Do Children’s Toys Promote Violence?
Girls and boys play differently. Do the toys dictate their play, or is there something in their nature?
I cleaned our playroom this past weekend. The daunting task took me several hours. I reassembled puzzles, reunited Go Fish, Old Maid and Memory cards in their respective packages, found missing game pieces and remote controls, and sorted match box cars and action figures into organized bins. I was also able to chuck a bunch of happy meal prizes and broken toys. I even discovered my long lost spatula and missing shower squeegee.
What I wasn’t expecting to reveal was how many toys in our playroom promote violence. I was well aware of our light sabers, water guns, and pirate swords, because we play with them on a daily basis. But I was taken aback when I realized nearly every action figure is equipped with a weapon. From the Power Rangers to G.I. Joe to Star Wars figures, each has their own weapon.
While my first thought was "WOW, it’s clear that no girls play here," I was shocked by the fact that so many toys promoted aggression. And that’s not something I was proud of.
I’ve never allowed my boys to play violent video games. We don’t watch movies that are not family rated. And we don’t own a gun. So how is it that my boys have accumulated an entire bin of little tiny guns and swords?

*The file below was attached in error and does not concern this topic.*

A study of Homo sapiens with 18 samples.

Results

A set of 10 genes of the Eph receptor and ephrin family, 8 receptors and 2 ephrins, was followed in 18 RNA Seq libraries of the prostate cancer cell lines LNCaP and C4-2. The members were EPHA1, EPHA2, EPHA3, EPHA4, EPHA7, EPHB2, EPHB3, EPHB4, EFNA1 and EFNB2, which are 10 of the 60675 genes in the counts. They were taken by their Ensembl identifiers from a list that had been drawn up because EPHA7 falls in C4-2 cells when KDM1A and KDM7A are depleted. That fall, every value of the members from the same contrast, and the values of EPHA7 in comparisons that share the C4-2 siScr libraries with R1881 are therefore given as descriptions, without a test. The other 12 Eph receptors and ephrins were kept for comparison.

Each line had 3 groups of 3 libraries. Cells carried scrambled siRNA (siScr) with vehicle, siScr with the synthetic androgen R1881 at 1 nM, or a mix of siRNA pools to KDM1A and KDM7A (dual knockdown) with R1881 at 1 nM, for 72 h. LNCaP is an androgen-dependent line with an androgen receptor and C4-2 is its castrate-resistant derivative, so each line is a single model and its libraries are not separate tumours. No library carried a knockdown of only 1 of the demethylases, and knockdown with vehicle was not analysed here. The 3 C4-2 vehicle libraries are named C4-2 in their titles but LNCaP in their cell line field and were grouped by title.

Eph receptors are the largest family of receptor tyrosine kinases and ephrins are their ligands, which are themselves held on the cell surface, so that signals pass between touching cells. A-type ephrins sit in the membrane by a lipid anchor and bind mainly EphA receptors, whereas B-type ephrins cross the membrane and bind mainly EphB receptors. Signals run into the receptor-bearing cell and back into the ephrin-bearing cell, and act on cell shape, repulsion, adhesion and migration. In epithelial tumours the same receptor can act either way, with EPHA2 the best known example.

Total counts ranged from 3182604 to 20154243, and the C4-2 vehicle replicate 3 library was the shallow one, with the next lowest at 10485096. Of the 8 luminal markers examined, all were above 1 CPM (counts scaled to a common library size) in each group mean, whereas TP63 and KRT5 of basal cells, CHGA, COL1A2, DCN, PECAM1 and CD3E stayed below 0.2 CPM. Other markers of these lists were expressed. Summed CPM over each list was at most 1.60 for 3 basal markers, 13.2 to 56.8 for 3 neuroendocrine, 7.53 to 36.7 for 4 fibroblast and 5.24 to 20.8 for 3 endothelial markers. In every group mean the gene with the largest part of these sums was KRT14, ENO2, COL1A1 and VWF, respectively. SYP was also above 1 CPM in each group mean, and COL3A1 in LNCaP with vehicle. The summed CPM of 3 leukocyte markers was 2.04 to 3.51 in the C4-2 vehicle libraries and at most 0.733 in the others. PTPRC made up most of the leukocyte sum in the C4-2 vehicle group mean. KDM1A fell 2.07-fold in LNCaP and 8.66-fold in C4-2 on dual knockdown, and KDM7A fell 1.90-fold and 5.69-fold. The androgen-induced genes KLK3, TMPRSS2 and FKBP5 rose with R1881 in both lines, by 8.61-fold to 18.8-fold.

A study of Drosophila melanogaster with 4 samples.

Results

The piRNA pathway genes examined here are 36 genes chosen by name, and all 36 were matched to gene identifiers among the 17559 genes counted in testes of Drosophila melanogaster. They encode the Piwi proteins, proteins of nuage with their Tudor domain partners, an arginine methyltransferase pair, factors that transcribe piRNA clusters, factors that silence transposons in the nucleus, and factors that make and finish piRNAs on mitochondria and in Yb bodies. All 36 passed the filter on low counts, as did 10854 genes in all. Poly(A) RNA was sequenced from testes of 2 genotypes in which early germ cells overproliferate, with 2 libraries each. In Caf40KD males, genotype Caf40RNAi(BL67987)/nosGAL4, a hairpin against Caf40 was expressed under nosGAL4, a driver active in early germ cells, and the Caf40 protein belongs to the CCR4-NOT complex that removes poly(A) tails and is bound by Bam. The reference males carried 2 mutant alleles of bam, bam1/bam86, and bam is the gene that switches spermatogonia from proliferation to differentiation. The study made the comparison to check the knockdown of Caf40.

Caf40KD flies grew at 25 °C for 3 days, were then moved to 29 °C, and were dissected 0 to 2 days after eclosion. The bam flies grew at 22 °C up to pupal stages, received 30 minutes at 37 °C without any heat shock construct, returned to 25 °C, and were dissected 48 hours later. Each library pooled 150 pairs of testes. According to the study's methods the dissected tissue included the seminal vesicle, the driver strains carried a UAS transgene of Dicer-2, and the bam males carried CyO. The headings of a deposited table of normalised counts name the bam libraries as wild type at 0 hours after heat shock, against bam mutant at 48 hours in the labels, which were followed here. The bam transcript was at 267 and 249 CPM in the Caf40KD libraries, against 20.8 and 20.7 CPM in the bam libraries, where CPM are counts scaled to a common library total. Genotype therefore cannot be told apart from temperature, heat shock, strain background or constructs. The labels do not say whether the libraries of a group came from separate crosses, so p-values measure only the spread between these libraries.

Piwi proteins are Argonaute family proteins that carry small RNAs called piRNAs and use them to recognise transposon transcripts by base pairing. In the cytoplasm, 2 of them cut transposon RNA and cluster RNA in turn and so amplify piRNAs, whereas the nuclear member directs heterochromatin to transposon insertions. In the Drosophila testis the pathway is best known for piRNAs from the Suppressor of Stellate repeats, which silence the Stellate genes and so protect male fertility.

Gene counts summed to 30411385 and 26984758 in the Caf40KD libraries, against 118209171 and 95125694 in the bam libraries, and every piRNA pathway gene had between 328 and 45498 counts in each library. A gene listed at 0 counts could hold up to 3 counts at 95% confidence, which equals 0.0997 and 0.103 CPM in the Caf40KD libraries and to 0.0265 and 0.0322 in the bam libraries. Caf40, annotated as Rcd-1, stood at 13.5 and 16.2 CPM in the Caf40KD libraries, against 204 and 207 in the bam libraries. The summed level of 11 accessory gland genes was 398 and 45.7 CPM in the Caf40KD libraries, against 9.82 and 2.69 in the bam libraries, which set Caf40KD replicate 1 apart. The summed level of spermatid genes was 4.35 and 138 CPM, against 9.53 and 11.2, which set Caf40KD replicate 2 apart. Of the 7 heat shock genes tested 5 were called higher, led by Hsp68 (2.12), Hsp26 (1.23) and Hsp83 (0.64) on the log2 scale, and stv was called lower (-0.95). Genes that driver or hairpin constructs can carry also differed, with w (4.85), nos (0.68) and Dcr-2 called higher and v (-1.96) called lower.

I considered taking them away, but what would that do? My son plays Power Rangers with his friends at school. He enjoys a good light saber battle with his father on a daily basis. Even my 19-month-old will grab a light saber or pirate sword and fight with it.
I kept thinking why are traditional girl and boy toys so different?
Most girls nurture dolls, play princess dress-ups and have imaginative conversations with their Barbie dolls. While boys build block towers that they topple with remote control cars, fight with swords, and portray violent scenes with their action figures.
Why such a difference?
I was happy that some of our toys elicit imaginative play and creative thinking. But I find myself questioning how to handle their action figures.
I used to take the small pieces away when we would purchase an action figure, which basically meant removing weapons and accessories. But when my oldest started collecting Star Wars figures he already knew from the movies which figures had guns and which had light sabers, and he wanted to keep those pieces. And I acquiesced and let him have them.
But during this past clean up, it became blatantly obvious that not only are my kids exposed to violence, they tend to play aggressively with eachother. Is it a boy thing?
So why do boys and girls play so differently? And why do boys gravitate to toys that promote violence or fighting, where girls tend to nurture dolls or pretend play with a kitchen set?
My youngest is barely talking but hand him a truck and he will vroom vroom it across the floor or give him a dinosaur and it will roar and attack other dinosaurs. Hand him a doll and he will toss it on the floor.
It’s almost a nature vs. nurture question. And certainly one I don’t have an answer to. I don’t think I treat my boys differently. I hug and kiss them, and do all the nurturing things a mother does. So where does this innate tendency towards violence come from?
I may never have the answer, but I certainly may think more closely about the toys I purchase.
What do you think about how boys and girls play differently?